FSO (Free Space Optics)
29 October 2013
Why Free Space Optics?
Origin & Technology of FSO
Merits & Demerits
• FSO - optical communication technology that
uses light propagating in free space to transfer
• Line of sight technology.
• Bandwidth up to 2.5 Gbps.
• Uses LED or Laser as a light source.
Why Free Space Optics? 
Very Narrow and Directional Beams
Beams only a few meters in diameter at a kilometer
Allows VERY close spacing of links without interference
No side lobes
Efficient use of energy
Ranges of 20m to more than 8km possible
Why Free Space Optics? 
Deployment Behind Windows
• Rapid installations without trenching and
• Direct connection to the end user
• Bypasses the building owner
– No roof rights
– No riser rights
• Firstly used by Greeks in 8th century.
• According to them fire as the light source, the
atmosphere as transmission medium and an
eye as a receiver.
• 19th century, Alexander Graham Bell – done
experiments - which were later called as
• Bell converted voice sounds into telephone
signals and transmitted them between
receivers through free space along a beam of
light for a distance of some 600 feet.
• But Photophone never became commercial
• Though it demonstrated the basic principle of
• Uses a directed beam of light radiation
between transmitter and receiver.
• An FSO unit consists of
1) Optical transceiver
2) Laser transmitter and receiver
• Uses lens on transmitter and receiver.
• Maximum range is about 4 kms.
• FSO work on simple optical transmission
• Modern Laser system provide network
connectivity speed from 660 Mbps onwards.
• Two beams are kept narrow.
• The receiver detectors are either PIN diodes or
• FSO transmits invisible light beams between
• It works in Tera Hertz (THz) spectrum.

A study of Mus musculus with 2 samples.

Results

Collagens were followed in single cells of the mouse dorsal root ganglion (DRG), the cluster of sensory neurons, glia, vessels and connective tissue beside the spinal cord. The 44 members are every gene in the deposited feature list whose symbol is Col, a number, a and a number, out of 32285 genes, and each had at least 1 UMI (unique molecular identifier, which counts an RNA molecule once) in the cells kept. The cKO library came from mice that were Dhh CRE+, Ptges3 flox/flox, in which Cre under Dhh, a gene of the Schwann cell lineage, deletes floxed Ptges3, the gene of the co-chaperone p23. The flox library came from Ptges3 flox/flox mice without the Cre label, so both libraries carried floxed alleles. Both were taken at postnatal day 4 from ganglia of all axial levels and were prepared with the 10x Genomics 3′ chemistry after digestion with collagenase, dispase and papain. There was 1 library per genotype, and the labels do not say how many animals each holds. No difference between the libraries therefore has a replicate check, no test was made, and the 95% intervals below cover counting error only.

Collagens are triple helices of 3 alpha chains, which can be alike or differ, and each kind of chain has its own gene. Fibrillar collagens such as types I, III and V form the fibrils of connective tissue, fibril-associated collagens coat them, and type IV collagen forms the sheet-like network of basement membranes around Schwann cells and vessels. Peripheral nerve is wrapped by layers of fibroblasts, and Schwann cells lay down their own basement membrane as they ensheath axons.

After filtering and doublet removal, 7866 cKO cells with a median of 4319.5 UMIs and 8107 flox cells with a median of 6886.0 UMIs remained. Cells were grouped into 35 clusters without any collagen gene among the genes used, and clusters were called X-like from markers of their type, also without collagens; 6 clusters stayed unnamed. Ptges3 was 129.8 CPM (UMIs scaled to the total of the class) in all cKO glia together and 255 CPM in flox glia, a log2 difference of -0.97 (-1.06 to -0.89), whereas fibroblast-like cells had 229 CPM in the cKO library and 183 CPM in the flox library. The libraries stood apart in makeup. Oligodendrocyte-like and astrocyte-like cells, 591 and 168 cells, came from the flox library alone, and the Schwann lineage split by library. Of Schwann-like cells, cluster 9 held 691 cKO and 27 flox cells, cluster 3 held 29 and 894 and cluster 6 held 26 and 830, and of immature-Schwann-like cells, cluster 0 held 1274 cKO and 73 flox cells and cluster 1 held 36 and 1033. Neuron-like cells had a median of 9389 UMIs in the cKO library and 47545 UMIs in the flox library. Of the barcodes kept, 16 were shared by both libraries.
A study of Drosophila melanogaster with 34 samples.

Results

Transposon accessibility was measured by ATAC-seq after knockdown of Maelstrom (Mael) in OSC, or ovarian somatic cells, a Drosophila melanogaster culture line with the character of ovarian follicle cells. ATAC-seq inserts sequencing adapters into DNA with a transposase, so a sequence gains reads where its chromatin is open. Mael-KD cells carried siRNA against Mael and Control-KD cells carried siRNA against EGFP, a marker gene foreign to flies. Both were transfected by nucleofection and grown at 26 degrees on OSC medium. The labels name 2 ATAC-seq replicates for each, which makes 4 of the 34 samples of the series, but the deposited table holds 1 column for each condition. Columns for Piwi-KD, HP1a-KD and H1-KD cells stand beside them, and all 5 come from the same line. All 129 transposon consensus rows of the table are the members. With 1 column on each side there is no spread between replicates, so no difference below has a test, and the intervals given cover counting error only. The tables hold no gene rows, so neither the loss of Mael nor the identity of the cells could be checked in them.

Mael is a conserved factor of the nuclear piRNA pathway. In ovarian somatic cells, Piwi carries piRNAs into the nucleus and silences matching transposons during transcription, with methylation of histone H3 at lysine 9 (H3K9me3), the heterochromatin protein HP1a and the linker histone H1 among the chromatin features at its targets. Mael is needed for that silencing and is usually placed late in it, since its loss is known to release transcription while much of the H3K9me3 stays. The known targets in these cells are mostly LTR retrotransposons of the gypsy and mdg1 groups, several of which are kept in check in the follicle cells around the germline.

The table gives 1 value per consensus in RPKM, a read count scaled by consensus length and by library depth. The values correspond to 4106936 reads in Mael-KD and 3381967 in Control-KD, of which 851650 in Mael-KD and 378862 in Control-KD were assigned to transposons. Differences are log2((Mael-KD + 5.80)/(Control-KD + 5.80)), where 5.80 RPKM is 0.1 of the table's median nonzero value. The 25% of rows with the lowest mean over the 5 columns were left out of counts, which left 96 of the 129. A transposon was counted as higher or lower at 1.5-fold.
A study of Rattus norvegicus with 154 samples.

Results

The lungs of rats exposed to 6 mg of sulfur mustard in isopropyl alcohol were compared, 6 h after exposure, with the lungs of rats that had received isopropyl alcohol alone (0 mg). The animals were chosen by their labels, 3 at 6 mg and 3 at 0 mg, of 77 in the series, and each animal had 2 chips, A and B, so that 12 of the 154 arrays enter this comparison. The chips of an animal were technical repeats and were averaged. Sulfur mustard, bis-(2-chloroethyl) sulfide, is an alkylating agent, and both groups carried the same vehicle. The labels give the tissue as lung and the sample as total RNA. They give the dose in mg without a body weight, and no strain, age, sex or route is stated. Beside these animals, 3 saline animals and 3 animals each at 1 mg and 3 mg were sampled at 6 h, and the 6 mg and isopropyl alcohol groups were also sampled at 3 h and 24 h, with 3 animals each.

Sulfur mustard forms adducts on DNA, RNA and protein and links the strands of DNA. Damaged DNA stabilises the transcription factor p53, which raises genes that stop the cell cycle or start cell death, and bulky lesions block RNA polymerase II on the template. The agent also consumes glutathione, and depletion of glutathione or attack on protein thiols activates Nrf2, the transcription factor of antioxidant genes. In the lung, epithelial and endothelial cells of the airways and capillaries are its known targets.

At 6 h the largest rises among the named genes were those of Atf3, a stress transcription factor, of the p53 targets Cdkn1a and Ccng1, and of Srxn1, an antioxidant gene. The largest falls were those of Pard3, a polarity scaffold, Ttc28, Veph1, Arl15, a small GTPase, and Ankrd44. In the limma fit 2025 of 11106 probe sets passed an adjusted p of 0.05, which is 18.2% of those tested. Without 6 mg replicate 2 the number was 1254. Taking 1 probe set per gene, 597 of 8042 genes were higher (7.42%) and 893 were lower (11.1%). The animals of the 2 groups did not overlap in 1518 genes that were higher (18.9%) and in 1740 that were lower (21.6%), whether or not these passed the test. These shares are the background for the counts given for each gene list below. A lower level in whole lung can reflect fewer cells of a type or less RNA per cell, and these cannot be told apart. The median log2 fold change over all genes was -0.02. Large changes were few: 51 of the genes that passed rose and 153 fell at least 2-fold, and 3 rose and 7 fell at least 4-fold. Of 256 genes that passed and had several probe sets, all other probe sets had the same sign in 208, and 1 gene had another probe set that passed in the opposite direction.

• FSO can operate into two wavelengths:
1) 800 nm
2) 1550 nm
• 1550 nm wavelengths are more preferred due
to its advantages over 800 nm.
Fig. 3 Sub-systems used in a typical free-space optics unit 
Atmospheric Attenuation - FOG
• Absorption or scattering of optical
signals due to airborne particles
• Primarily FOG but can be rain, snow,
smoke, dust, etc.
• Can result in a complete outage
• FSO wavelengths and fog droplets are
close to equal in size
– (Mie Scattering)
• Typical FSO systems work 2-3X further
than the human eye can see
• High availability deployments require
short links that can operate in the fog
Low Clouds, Rain, Snow and Dust
• Low Clouds
– Very similar to fog
– May accompany rain and snow
– Drop sizes larger than fog and wavelength
– Extremely heavy rain (can’t see through it)
can take a link down
– Water sheeting on windows
• Heavy Snow
– May cause ice build-up on windows
– Whiteout conditions
• Sand Storms
– Likely only in desert areas; rare in the
• Beam spreading and wandering due to propagation through air
pockets of varying temperature, density, and index of
• Almost mutually exclusive with fog attenuation.
• Results in increased error rate but not complete outage.
Metro Area Networks (MAN)
Last Mile Access
• Flexible network solution over conventional
• Straight forward deployment- no licenses
• Low initial investment
• Ease of installation
• High bit rates and low error rates
Building sway / Seismic activity
 Free-space optical communication - Wikipedia, http://en.wikipedia.org/wiki/Free
 Vikrant Kaulgud, Free space optics Bridges the last mile, Electronics for U, June 2003 pp.
 Hemmati, H., Free-space optical communications program at JPL, Jet Propulsion Lab.,
California Inst. of Technol., Pasadena, CA, USA, IEEE Lasers and Electro-Optics Society, pp.
106 - 107, vol.1, Nov. 1999.
 John Kaufmann, Free Space Optical Communications: An Overview of Applications and
Technologies, Boston IEEE Communications Society Meeting, December 1, 2011.
 John Schuster, Free Space Optics (FSO) Technology Overview, Chief Technology Officer,
 Andy Emmerson, Fiberless Optics, Everyday practical electronics, April 2003, pp. 248.